ANCHORAGE - Entrepreneur Sharon Athas Cote sees a federal procurement program as a major building block for small firms owned by women like her who are fighting for lucrative government contracts.
Athas Cote, however, isn't waiting for the program to improve her chances of securing federal contracts. Full implementation of the program has been delayed for more than four years, and the Small Business Administration has yet to set a target date for when it will come online.
Athas Cote has owned and operated SBH Services since 2000. The Anchorage-based business provides trucking and construction contracting services to commercial and residential customers.
As a woman-owned small business, SBH Services is eligible for the SBA's women's procurement program. A small business qualifies if at least 51 percent of it is owned by women and the daily operations of the business are managed by one or more women.
The program was established by an amendment to the Small Business Act in December 2000. It currently allows federal agencies to give bidding preference to a women-owned small business when the bid is one of at least two considered to be the best value. Once the program is fully implemented, federal agencies will have the authority to restrict the bidding on some of their contracts to only women-owned small businesses.
The women's procurement program is one of several ways the SBA is pursuing to meet the federal government's annual goal of awarding 5 percent of federal contracting dollars to women-owned businesses, said Frank Lalumiere, deputy associate deputy administrator of the SBA's Office of Government Contracting and Business Development. Lalumiere's comments came while speaking at the Small Business Networking Breakfast in Anchorage on earlier this month.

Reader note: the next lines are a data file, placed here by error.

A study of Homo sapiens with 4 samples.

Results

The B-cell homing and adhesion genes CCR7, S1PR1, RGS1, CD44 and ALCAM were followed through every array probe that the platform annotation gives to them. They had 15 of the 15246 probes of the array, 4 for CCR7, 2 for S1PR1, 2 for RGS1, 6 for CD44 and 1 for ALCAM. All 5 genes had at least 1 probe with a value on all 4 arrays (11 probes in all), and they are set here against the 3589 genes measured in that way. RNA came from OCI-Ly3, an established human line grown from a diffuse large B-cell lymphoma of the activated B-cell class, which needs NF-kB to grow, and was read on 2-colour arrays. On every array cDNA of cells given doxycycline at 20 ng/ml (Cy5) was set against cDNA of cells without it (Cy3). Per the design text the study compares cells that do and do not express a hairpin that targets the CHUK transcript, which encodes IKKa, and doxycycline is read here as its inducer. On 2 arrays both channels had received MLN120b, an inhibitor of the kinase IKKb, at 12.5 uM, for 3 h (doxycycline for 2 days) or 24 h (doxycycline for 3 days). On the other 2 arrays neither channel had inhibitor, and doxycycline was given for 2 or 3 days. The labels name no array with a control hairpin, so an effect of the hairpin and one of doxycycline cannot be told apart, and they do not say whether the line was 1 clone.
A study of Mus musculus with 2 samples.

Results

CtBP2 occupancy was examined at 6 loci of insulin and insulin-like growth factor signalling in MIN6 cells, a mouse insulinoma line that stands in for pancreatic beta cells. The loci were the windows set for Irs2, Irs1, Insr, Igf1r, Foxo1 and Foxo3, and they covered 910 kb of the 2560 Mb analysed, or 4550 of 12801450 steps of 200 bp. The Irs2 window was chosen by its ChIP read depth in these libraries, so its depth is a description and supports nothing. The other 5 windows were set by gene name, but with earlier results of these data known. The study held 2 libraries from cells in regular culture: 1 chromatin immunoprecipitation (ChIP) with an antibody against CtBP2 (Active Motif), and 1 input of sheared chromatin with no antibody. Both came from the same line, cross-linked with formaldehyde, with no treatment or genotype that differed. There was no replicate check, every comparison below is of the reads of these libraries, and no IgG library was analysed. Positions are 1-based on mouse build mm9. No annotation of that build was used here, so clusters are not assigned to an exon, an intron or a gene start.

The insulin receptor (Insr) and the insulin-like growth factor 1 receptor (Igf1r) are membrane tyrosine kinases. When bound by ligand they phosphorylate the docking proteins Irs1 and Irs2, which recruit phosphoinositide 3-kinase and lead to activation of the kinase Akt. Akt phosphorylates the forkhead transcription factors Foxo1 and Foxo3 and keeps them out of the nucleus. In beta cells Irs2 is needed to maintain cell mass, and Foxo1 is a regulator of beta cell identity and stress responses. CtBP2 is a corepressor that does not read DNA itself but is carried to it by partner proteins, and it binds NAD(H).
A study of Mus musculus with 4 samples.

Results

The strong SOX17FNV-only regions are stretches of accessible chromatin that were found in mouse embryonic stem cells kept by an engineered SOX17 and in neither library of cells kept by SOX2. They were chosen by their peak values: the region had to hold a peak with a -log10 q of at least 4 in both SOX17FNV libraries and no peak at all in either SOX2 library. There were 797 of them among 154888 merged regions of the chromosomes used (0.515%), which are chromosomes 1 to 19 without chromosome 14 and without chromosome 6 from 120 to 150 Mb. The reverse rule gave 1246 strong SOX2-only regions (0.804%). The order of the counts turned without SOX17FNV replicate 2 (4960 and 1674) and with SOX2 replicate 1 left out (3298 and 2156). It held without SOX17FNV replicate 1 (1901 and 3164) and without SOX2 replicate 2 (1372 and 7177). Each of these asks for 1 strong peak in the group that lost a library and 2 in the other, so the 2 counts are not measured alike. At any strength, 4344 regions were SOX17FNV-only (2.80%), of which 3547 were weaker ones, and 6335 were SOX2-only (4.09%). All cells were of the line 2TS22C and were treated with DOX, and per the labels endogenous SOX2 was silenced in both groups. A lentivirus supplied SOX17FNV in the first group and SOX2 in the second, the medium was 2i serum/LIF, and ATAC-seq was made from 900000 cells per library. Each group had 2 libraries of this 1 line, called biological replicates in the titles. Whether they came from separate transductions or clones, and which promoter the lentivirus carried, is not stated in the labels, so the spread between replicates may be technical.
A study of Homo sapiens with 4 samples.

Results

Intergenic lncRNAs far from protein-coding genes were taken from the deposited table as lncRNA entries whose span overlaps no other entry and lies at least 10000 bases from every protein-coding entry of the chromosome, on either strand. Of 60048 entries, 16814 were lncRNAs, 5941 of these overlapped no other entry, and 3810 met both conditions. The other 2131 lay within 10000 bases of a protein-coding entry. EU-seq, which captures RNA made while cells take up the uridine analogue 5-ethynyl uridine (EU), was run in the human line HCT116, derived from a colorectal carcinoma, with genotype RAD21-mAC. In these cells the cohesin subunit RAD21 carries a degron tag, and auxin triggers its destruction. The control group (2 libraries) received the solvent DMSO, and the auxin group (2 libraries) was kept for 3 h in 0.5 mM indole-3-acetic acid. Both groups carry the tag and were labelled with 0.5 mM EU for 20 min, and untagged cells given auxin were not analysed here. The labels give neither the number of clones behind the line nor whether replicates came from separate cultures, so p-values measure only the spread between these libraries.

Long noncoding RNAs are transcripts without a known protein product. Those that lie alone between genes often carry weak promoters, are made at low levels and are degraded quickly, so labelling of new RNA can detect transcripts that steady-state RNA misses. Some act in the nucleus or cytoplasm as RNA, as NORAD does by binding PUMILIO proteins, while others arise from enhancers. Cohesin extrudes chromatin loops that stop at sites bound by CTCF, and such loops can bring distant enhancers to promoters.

Since the goal was established in 1994, it has never been met.
Some 2.98 percent of the federal contracting dollars went to women-owned small businesses in fiscal year 2003, compared with 2.9 percent in fiscal year 2002 and 2.49 percent in fiscal year 2001.
"I want to see women-owned small businesses get up to that and exceed the 5 percent goal," Lalumiere said. "It's a goal the government has an interest in - (as does) the nation - to do this. Sometimes conversations get hung up on what decimal point you get to."
Women-owned small businesses make up about 30 percent of private businesses nationwide. In Alaska, nearly 22,000 women-owned businesses account for 35 percent of private businesses in the state, according to the Center for Women's Business Research.
The numbers tell the story. Women-owned businesses are not getting anywhere near their proportionate share of federal contracting dollars, said Margot Dorfman, chief executive officer of the U.S. Women's Chamber of Commerce.
Even though many of the 6.7 million women-owned small businesses in the United States do not offer products and services contracted by the federal government, there are enough women-owned small businesses capable of carrying out the 5 percent goal, Dorfman said.
"We think it should be raised to 10 percent," she said. "There's no reason it can't be done to 10 percent."